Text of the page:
D'Artagnan finds the Duke of Buckingham and gives him the Queen's letter. As the Duke is giving the brooch to d'Artagnan, he sees that a piece of it is missing--the piece that Milady, whom he knows as Lady de Winter, cut off the brooch at a ball. The Duke calls a total blockade on all ships leaving English ports, to prevent Lady de Winter from reaching the Cardinal with her portion of the brooch. This blockade represents an act of war against France. The Duke has the brooch repaired, and d'Artagnan races back to France.
D'Artagnan arrives in Paris the night before the ball. He meets with Madame Bonacieux, who takes the brooch from him. The Queen wears the brooch to the ball the following night. The Cardinal can't tell, however, whether the brooch is whole or missing the piece that Milady cut from it--and did manage to get to him, despite Buckingham's blockade. He approaches the Queen and, in front of the King, offers her the missing piece of her brooch. The Queen feigns surprise at the odd gift--the brooch is clearly whole, as Buckingham's jeweler did an excellent job. Later, the Queen summons d'Artagnan to her chambers, secretly allows him to kiss her hand, and gives him a beautiful ring as a token of her gratitude.
At home, d'Artagnan finds a letter waiting for him, inviting him to meet Madame Bonacieux for a tryst the following night. D'Artagnan then visits M. de Treville, who has figured out that d'Artagnan was involved in the odd events between the King, Queen, and Cardinal at the ball, although he doesn't really know how. He begs d'Artagnan to be cautious. He then spots the ring, and d'Artagnan tells him how he "met" the Queen. Treville is impressed, but sees this as even more reason to be careful; in fact, Treville feels d'Artagnan should sell the ring. D'Artagnan refuses, but promises to be cautious. He then goes and meets up with Planchet, and the two head out of the city to the tryst.
At the appointed spot, d'Artagnan sends Planchet off, and waits for Madame Bonacieux alone. After waiting for an hour, he starts to grow anxious, and looks inside the house where they are appointed to meet. There has clearly been a struggle, and she is not there. Mad with worry, d'Artagnan finds out from a local peasant that a group of men, including one smaller than the rest who identified Madame Bonacieux, came and kidnapped d'Artagnan's love.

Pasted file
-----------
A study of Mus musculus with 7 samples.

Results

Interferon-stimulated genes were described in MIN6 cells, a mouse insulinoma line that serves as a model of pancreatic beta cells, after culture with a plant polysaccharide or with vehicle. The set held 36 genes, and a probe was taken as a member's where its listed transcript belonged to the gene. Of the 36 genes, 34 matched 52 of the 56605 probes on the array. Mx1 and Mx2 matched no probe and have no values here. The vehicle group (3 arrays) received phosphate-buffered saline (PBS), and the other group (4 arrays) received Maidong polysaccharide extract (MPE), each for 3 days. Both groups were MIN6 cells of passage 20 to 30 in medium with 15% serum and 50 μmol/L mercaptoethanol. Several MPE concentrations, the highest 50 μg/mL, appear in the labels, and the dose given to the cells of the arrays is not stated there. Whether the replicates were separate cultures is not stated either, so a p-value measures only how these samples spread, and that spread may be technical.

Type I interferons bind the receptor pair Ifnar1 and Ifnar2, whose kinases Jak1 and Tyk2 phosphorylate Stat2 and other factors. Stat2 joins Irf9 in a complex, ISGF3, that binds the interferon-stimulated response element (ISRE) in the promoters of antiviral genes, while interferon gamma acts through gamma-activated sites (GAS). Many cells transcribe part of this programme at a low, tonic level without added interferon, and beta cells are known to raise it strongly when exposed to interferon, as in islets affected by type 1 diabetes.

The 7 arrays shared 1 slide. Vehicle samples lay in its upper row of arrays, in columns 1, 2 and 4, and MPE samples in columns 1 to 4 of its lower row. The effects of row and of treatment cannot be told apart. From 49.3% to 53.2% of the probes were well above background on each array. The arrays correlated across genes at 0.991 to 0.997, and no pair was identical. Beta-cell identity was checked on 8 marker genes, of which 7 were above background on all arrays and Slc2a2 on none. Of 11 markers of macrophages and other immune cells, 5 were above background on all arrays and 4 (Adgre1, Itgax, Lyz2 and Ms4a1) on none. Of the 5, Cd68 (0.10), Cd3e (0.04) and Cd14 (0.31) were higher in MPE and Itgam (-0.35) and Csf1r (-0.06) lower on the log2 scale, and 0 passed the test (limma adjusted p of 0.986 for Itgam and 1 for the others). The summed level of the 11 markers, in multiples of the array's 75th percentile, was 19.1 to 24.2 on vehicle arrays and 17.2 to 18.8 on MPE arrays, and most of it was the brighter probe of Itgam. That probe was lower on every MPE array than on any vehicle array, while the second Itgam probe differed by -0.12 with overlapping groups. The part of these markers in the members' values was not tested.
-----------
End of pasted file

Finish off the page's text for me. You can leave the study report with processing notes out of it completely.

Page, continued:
D'Artagnan heads back to Paris, and tells M. de Treville of his troubles. Treville is convinced that it's a Cardinalist conspiracy, and recommends that d'Artagnan leave Paris to go check on his friends, while Treville will try to find out what he can. Treville's advice is good: when d'Artagnan returns home, Planchet informs him that the head of the Cardinal's guards came around looking for him, under the pretence that the Cardinal wanted to speak to him. After one last check at his friends' homes, during which he picks up a letter from Aramis's house that seems to be from a lady, D'Artagnan and Planchet leave Paris. Before he leaves, d'Artagnan runs into Monsieur Bonacieux, and figures out that he must be the little man who identified Madame Bonacieux to her captors.
D'Artagnan first reaches the inn where he left Porthos to his duel. Porthos is alive, but wounded. D'Artagnan is able to find out some information from the innkeeper: first, Porthos was wounded by a Cardinalist agent looking for d'Artagnan, and second, Porthos's mistress is in fact a middle-aged banker's wife, not a Duchess, as he is wont to claim. The innkeeper knows this because Porthos had to ask her for money to pay for his bill at the inn, which she refused him, thinking that he was cheating on her.
In accordance to that fact that Athos is always melancholy, we actually do know the source. During the book, while Athos and d'Artagnan get drunk, we discover Athos had an ex-wife, which turns out to be Milady. Later, we find that Athos did not know that Milady was a criminal when he fell in love with her. When he learns of her past, he believes that he hangs her.